Is the function x ↦ x + 2 invertible? Sure, its inverse is the function x ↦ x – 2.
Is the Python function
def f(x): return x + 2
invertible? Not always.
You might reasonably think the function
def g(x): return x - 2
is the inverse of
f, and it is for many values of x. But try this:
>>> x = 2**53 - 1.0 >>> g(f(x)) - x -1.0
The composition of
g does not give us
x back because of the limited length of a floating point significand. See Anatomy of a floating point number.
f as a function between floating point numbers is locally invertible. That is, it is invertible on a subset of its domain.
Now let’s look at the function
def f(x): return x*x
Is this function invertible? There is a function, namely
sqrt that serves as an inverse to
f for many values of
x, but not all
x. The function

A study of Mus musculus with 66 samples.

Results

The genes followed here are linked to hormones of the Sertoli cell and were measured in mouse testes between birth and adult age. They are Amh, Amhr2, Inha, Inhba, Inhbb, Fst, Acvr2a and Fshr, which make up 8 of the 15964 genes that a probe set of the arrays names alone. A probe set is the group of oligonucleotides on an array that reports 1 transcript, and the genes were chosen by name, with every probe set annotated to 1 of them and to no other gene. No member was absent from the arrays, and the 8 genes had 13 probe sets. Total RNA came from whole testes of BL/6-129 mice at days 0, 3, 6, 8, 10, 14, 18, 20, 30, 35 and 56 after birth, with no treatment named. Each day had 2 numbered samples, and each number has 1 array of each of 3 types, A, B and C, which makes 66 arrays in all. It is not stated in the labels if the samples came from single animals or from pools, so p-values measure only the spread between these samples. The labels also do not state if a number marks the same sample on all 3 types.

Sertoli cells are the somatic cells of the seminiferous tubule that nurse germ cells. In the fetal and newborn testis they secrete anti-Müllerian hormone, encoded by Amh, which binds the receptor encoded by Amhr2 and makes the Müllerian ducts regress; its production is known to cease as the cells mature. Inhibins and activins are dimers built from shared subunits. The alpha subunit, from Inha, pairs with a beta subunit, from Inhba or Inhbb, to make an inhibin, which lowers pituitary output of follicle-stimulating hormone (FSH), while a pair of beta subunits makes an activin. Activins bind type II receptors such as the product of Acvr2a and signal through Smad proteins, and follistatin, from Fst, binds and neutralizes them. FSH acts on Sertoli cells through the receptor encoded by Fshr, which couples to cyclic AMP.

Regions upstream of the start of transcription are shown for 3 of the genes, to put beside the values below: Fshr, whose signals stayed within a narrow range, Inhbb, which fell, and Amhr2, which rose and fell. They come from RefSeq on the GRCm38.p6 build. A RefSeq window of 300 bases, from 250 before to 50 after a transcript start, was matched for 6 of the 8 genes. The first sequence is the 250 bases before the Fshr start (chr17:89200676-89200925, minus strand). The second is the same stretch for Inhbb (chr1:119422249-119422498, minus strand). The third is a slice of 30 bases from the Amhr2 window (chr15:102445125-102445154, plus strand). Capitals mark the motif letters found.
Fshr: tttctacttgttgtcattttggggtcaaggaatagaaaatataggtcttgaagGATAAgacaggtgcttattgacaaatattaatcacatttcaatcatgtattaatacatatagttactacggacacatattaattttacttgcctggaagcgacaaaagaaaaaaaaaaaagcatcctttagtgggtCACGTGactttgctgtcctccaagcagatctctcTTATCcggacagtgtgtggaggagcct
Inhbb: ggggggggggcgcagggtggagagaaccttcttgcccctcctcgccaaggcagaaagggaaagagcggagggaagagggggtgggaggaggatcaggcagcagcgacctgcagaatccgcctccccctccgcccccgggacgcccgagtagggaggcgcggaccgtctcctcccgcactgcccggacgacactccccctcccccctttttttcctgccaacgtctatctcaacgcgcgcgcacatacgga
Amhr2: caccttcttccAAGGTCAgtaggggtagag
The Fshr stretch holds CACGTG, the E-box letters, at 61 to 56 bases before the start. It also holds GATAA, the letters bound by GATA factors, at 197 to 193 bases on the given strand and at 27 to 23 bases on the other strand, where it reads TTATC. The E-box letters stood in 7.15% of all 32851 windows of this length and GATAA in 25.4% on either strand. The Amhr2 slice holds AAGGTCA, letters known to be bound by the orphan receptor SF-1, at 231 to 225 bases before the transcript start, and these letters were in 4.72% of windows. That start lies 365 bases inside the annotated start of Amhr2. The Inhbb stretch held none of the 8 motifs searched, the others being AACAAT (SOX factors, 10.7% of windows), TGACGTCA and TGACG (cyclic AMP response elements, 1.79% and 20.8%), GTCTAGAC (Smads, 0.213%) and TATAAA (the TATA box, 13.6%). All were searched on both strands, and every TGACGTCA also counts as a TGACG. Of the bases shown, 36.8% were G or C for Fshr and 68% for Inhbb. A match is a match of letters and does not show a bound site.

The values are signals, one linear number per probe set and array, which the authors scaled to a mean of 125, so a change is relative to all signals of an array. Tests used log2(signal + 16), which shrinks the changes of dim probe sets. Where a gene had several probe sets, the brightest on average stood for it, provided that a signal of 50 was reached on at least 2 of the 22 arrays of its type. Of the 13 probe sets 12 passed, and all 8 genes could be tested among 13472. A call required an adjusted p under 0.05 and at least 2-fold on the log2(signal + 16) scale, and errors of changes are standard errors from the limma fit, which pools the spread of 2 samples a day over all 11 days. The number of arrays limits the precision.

sqrt is a partial function because although it is ostensibly a function on floating point numbers, it crashes for negative inputs. The function’s actual domain is smaller than its nominal domain.
Locally invertible functions are an inevitable part of programming, and are awkward to reason about. But there are tools that help. For example, inverse semigroups.
According to nLab
An inverse semigroup is a semigroup S such that for every element s∈S, there exists a unique “inverse” s* ∈ S such that s s* s = s and s* s s*= s*.
The canonical example of an inverse semigroup, and in some sense the only example, is the following, also from nLab.
For any set X, let I(X) be the set of all partial bijections on X, i.e. bijections between subsets of X. The composite of partial bijections is their composite as relations (or as partial functions).
This is the only example in the sense that the Wagner-Preston theorem says every inverse semigroup is isomorphic to a group of this form.
In our case, the set X is the set of representable floating point numbers, and locally invertible functions are functions which are invertible, but only when restricted to a subset of X.